Nailing a sharp feline flick, cut crease, or any other tricky eye makeup look takes time, perseverance, and makeup remover by the liter. And monolids (the type of eyelids that do not have a visible crease or hood) can up the tricky factor. Battling through hours of beauty tutorials telling you to blend three shades into a crease you might not have can be pretty frustrating. But the last thing you want to do is throw out your eye shadow palettes and resign yourself to a future without eye makeup.
No one needs that kind of negativity in their life, so if you struggle with trying to find looks that work for your eye shape, listen up to the tips ahead. Monolid eyes open you up to an entire world of makeup experimentation, so don't bother with trying to manipulate them into looks that don't work—start embracing new ways to make them stand out. We've spoken to some industry experts who've shared their top tips.
Make Your Lashes Stand Out
Elongating lashes is one of the easiest ways to define your eyes. False lashes are a one-step option if you're looking for a way to define your eyes without eye shadow, but a lash curler can prove beneficial when trying to add length.
"Start by curling your lashes correctly," explains Dominic Skinner, MAC senior artist. "Crimp your lashes with a lash curler at the root of your lashes. Then gently loosen the curler and move to the middle of your lash and crimp again. Finally, crimp the tips. This 'C' technique creates the perfect curl instead of a bent 'L.'"
Stop Mascara From Smudging
To avoid pesky smudging (and to really get the most from your mascara), opt for a mascara with a moulded brush to lift your lashes. "The more lightweight the formula, the more lifted your lashes will be," advises Ariane Jaksch, education manager at Smashbox. "Place your mascara horizontally against your lash line. Wiggle and drag your mascara brush upward for the ultimate lifted lash," she says. When choosing your next mascara, makeup artist Lillie Russo recommends purchasing a lengthening waterproof mascara as "monolids are prone to smudges."
Play Around With a Cat Eye
The feline flick has to be the queen reigning over all eye makeup looks. There's no greater satisfaction than admiring a sharp-as-a-knife flick. But equally, it can be an absolute nightmare to get to grips with. Luckily, with mastered application, it can be your signature eye look, too. Jaksh agrees: "This eye shape lends itself beautifully to a cat flick. Start with the flick on both eyes for symmetry. To get the most flattering flick for your eye shape, place your eyeliner at the outer corner of your eye."
If you haven't had much luck with nailing a cat eye in the past, makeup artist Russo has some advice to steer you in the right direction: "For monolids, it's best to keep the eyeliner line thin and elongated at the end, flicking out towards just below the end of your eyebrow. I also wouldn't start the line right in the corner of your eye; instead, start the line 1/3 of the way in."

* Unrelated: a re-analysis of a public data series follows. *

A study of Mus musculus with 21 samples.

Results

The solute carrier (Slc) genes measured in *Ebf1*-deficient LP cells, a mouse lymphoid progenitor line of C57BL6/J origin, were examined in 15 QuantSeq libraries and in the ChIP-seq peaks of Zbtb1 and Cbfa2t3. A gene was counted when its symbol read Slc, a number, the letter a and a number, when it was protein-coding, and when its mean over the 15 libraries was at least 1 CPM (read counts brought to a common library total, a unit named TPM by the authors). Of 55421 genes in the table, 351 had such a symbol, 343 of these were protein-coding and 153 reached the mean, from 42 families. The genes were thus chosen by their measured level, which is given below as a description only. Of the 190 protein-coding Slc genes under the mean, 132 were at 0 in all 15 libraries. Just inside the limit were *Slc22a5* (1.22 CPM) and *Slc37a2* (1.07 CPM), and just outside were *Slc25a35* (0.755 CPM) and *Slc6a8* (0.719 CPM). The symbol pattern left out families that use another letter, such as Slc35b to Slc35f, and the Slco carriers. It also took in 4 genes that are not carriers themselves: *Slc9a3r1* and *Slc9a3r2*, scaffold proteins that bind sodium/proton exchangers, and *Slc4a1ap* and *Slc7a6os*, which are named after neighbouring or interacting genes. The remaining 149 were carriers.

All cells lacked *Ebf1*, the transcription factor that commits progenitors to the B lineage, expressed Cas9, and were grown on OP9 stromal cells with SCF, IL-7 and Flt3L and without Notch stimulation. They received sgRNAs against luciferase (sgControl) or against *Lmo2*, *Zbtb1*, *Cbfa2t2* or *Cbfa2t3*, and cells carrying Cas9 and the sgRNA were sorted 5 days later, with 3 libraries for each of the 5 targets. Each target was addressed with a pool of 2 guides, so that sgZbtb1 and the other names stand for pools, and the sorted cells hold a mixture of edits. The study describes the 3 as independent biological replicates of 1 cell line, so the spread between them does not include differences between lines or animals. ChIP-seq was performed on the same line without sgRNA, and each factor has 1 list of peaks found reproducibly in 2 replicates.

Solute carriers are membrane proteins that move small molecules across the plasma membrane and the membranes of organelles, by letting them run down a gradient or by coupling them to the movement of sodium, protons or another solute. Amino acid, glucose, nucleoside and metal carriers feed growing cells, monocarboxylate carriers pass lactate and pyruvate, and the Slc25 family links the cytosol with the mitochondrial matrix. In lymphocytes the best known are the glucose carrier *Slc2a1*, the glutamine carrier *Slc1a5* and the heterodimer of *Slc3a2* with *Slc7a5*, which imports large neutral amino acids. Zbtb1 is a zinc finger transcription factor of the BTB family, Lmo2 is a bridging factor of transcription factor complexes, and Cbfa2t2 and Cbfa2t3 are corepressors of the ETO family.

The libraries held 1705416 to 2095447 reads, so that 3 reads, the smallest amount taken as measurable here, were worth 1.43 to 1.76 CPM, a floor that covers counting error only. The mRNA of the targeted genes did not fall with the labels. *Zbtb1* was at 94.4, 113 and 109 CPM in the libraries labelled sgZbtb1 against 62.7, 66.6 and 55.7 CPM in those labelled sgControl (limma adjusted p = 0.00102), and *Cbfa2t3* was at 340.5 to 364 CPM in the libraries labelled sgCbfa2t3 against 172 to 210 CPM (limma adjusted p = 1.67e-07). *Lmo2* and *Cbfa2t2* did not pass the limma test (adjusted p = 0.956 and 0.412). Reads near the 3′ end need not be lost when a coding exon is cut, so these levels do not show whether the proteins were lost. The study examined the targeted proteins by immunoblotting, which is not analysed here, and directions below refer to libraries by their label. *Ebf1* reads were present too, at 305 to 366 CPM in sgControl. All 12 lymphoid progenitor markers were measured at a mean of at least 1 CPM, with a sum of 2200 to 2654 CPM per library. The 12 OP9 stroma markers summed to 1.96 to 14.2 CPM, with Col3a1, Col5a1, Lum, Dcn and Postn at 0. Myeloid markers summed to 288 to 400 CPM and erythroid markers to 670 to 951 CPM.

Use the Right Tools
Fluffy brushes can often make blending eye shadow into the crease a breeze, but with a smaller lid to work with, you'll need to have a different approach. "I always advise using a more dense, flat, or smaller brush to control placement and build up color and intensity," says Kirsty Djajasaputra, senior makeup artist at Urban Decay. She also has another pro tip to share if you find it hard to apply pencils directly onto the lid: "For easier application, you can break down our 24/7 Glide-On Eye Pencil ($22) and use an angled brush to build the shape."
So it just means rethinking the way you use some of the brushes you might have in your makeup bag to get your products to work harder for you. If you're in need of some new brushes, keep this in mind: "Avoid brushes with bristles that are too soft, as they can project the pigment in every direction. You can also consider foam or silicone applicators to set and build on the intensity of an eye shadow pigment," notes Fred Letailleur, artist for YSL Beauté.
Applying Eye Shadow
We can't talk about eyes without mentioning eye shadow, but it can be daunting working out what formulas and shades are best to use. "For monolids, anything with a smooth shimmer works best, as it picks up the light," says Skinner.
Now that you have the correct formula and finish down, you can start applying it. "Don't apply the same rule of thumb as an almond-shaped eye," Letailleur says. For a monolid eye, work in a vertical way, applying a medium color along the lash. Then bring up the color—blending it above the lid in one color block that still shows even when your eye is opened. The color should be applied evenly and uniformly from the inner corner to the outer corner of the eye, keeping it one or two millimeters above the crease of the eye when the eye is opened."
Consider this your go-to guide for working with your eye shape, and refer back when you're struggling to get a look right.